Why We Should Care About the Homeless Vote
At the same time, activists are working to make sure that organizations engaged in homeless voter registration are aware of the laws. “Each state has different laws, different ways of addressing voter ID, and...it is important for most groups who are planning on doing any type of voter registration campaigns, especially dealing with people experiencing homelessness, [to] start reaching out to officials and try to figure out how to address some of the problems that some people are beginning to see related to voter ID,” said Isaiah Castilla of the Alliance for Justice, a national civil rights advocacy group. Castilla recommends that activists use the Brennan Center for Justice Web site, which offers comprehensive resourcesforvoterregistration and asummaryofvotinglawchangesin 2012.
NCH also published a 2012 VoterRightsandRegistration Manual for organizations engaged in homeless voter registration and two weeks ago conducted a voter registration workshop during the 2012 National Conference on Ending Homelessness. “We talked about the nuts and bolts of not only how to do it, but why it’s important as well as informing people about the unique characteristics of their state,” said Neil Donovan. The workshop tuned out to be one of the most popular at the conference.
In addition to having a firm grasp of the law, activists working on the ground must be familiar with the logistics of each election. Simple things like making sure that a location is open during the hours it is supposed to be open can make a huge difference.
“The majority of the unhoused people who are our members are employed while they’re homeless,” said Donovan. “Many times the employment is from 7 to 3, having a half hour for lunch, something like that, so what we need to do is to make sure that if they say that they are going to open until 6 in the morning, they are open at 6 in the morning. We will have people go and just make sure that they are still open.”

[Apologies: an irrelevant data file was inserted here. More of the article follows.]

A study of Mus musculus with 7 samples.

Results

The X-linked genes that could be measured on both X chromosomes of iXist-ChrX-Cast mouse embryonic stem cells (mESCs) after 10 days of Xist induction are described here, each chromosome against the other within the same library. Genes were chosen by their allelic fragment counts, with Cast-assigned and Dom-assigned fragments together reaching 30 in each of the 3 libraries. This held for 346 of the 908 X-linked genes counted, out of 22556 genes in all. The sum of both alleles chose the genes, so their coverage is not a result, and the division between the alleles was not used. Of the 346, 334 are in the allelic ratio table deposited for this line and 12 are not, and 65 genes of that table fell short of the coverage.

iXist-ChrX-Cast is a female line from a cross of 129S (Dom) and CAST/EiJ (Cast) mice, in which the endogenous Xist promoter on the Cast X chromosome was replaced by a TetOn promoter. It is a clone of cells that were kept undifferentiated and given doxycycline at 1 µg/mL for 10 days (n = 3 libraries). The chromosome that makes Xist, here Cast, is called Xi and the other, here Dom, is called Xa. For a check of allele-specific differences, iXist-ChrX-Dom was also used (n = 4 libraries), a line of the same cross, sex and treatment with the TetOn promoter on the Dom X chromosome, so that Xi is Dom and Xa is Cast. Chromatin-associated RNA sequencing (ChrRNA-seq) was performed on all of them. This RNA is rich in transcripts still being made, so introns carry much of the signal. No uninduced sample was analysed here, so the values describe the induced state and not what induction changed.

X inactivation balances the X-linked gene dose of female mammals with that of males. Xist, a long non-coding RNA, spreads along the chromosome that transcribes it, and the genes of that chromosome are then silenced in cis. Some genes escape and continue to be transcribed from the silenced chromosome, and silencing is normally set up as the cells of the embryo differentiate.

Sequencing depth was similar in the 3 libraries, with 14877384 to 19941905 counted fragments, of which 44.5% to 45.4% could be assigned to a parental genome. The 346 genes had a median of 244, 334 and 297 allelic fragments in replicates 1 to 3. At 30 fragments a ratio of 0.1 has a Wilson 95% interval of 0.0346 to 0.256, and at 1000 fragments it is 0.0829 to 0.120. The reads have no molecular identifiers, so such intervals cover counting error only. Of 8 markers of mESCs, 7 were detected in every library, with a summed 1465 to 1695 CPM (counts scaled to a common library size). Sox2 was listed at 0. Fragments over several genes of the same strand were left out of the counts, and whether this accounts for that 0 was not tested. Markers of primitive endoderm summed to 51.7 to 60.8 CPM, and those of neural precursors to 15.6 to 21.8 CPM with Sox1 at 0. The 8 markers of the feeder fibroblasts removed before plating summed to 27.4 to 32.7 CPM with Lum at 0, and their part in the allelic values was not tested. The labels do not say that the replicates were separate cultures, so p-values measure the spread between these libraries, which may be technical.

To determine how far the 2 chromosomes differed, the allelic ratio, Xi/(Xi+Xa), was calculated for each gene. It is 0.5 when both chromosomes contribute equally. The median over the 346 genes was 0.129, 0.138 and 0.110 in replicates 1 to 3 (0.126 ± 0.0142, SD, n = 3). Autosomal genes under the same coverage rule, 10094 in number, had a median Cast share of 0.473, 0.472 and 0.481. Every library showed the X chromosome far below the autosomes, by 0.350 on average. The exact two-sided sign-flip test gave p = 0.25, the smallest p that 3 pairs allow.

Homeless Americans are by no means a homogenous group. Despite some of the myths and misconceptions about the homeless population, many people who are homeless are technologically savvy and well informed. However, when it comes to elections, especially local elections, where there can be dozens of candidates on the ballot, learning about the platforms of all the candidates when one doesn’t have a stable home can be a challenge. That is why voter education is such a challenging but essential part of activists’ work.
To prepare for Atlanta’s recent primary election, Homeless But Not Powerless posted on its Web site candidate profiles with links to candidates’ sites. However, because of a lack of funding, the group could not afford to produce print materials for individuals who do not have access to the Internet. “Primaries are just really really difficult to educate everyone, let alone a population that traditionally does not have the easiest access to the latest technology,” said Williams.
Chicago’s Mercy Housing Lakefront, a nonprofit permanent housing program for people with special needs, relies on its residents to help with voter drives and education. Most of the residents in the program have experienced homelessness, and some of them used to be chronically homeless. As part of its Civic Participation Project, which helps residents reintegrate into society, residents can become “deputy registrars” and register their neighbors as well as homeless people in shelters or on the street. Residents also help research candidates and educate voters.